How we use Timber

How we use Timber Masthead

Crowd adopted Timber in Wordpress builds at the start of 2016 and it has massively changed the way we approach Wordpress projects. Using Timber does change the file structure of our themes, so we have created a ‘base-build’ that we like to use as our starting point for our projects. The Crowd Base Build is a fork of the Timber Starter Theme with only a handful changes to make it work for Crowd’s preferred approach and our Front-end workflow.

.twig + .php — a separation of concerns

The biggest change that Timber introduces is the use of .twig template files to split out templating from PHP. The idea here is the .php Wordpress files catch and processes data (from the database) and the .twig files render it using twig template syntax.

Folder structure

With all these new files added to our theme’s markup, we like to arrange things to follow a certain folder structure. At the root of the theme, we have any .php files that handle the initial data or theme configuration, such as functions.php and index.php.

Then, the twig files are split into two different directories, templates and components. The templates folder contains standard page templates (e.g. single.twig). Template twig files are the files that construct the different layouts used around the site and are made up of included components.

Each component has it’s own .twig file inside of the components directory. These are self contained bits markup that can be included in the different page templates found in the templates directory.

How we do components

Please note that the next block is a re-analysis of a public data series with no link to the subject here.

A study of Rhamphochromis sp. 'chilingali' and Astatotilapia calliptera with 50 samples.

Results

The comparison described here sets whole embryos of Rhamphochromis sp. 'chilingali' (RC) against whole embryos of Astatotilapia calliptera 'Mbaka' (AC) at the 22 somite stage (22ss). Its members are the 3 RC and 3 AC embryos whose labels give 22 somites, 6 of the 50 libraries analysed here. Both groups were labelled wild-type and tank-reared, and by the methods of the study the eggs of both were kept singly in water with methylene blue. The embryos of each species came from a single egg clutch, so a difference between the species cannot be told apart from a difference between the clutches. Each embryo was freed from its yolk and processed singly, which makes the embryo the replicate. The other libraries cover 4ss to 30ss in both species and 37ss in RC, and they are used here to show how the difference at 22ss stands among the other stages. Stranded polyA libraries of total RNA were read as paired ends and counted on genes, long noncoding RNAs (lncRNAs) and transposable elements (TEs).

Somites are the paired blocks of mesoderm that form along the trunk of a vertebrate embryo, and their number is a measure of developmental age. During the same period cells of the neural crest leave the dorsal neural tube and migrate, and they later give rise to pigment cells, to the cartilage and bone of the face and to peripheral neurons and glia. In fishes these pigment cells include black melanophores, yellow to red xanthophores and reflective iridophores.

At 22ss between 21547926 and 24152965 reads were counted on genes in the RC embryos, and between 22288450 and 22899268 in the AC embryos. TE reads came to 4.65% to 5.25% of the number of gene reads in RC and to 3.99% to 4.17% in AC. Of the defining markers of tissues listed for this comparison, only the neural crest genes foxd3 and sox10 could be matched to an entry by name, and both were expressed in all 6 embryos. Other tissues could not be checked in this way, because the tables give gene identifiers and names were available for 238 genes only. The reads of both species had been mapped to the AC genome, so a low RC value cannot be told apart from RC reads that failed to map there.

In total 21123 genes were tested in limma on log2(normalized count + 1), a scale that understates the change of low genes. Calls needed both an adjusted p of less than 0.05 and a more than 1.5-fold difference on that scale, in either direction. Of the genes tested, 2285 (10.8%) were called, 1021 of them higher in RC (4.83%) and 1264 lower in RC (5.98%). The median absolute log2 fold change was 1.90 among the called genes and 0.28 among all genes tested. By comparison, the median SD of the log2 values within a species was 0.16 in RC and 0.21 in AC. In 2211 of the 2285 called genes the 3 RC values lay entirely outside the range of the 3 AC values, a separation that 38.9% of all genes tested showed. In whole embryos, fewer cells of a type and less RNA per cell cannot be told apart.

Page templates in Timber aren’t too different from standard Wordpress PHP templates except they use TWIG as a templating language, as opposed to PHP. For ‘fixed’ or standard page templates, we like to write the page’s main structure as usual. Then for the blocks that are re-usable around the site, the ‘components’, we include them using a twig include.

// templates/template-content-page.twig
{% include 'masthead.twig' with { 'masthead': post } %}

This way we can create a component in one file and use it in multiple places. And if the component needs to be changed at all, we need only change it in one place, keeping things quick and easy to maintain. Some examples of components are:

  • A masthead or page header
  • A mailing list signup component
  • A social network sharing component
  • A post type listing component

Of course, with Timber and the way it handles data, a component’s content can be dynamic, so it doesn’t have to be fixed.

Flexible page templates

For projects that require a higher level of customisation, we can include components in page templates dynamically. To do this, we create a component that includes another component based up filename, usually named: flex-content.twig. This component is then included in the page template and passes in the flexible content field setup with Advanced Custom Fields.

// templates/template-hub.twig
{% include 'flex-content.twig' with { 'flex_content' : post.get_field('flex_content') }%}

Then inside of the flex-content.twig component, we loop through all of the flexible content blocks assigned to that page and include their relevant components based upon file name:

// components/flex-content.twig
{% for content_block in flex_content %}
    {% include [
        'content-blocks/content-' ~ content_block.acf_fc_layout ~ '.twig',
    ] with {
        'content' : content_block
    } %}
{% endfor %}

When creating the components for a flexible content loop, such as a above, we like to place all of these components in a sub-folder to keep them all together and we prefix the names with ‘content-’. The filenames of these components need to match the name of the layout in Advanced Custom Fields, so we sometimes have to mix dashes and underscores in filenames, such as: content-rich_text.twig.

Finally, we create a component called ‘content-no-template.twig’ which simply contains an error message:

Sorry, there is no template for this content block.

This is a fallback, in case someone creates a new content block in the back-end, without creating the relevant component template file.

Builds that use Timber

Further Information

For more on Timber and how we’ve learned to use it, check out @matbush’s blog post: Checkered Shirts & Denim – A Year With Timber on The Crowd website.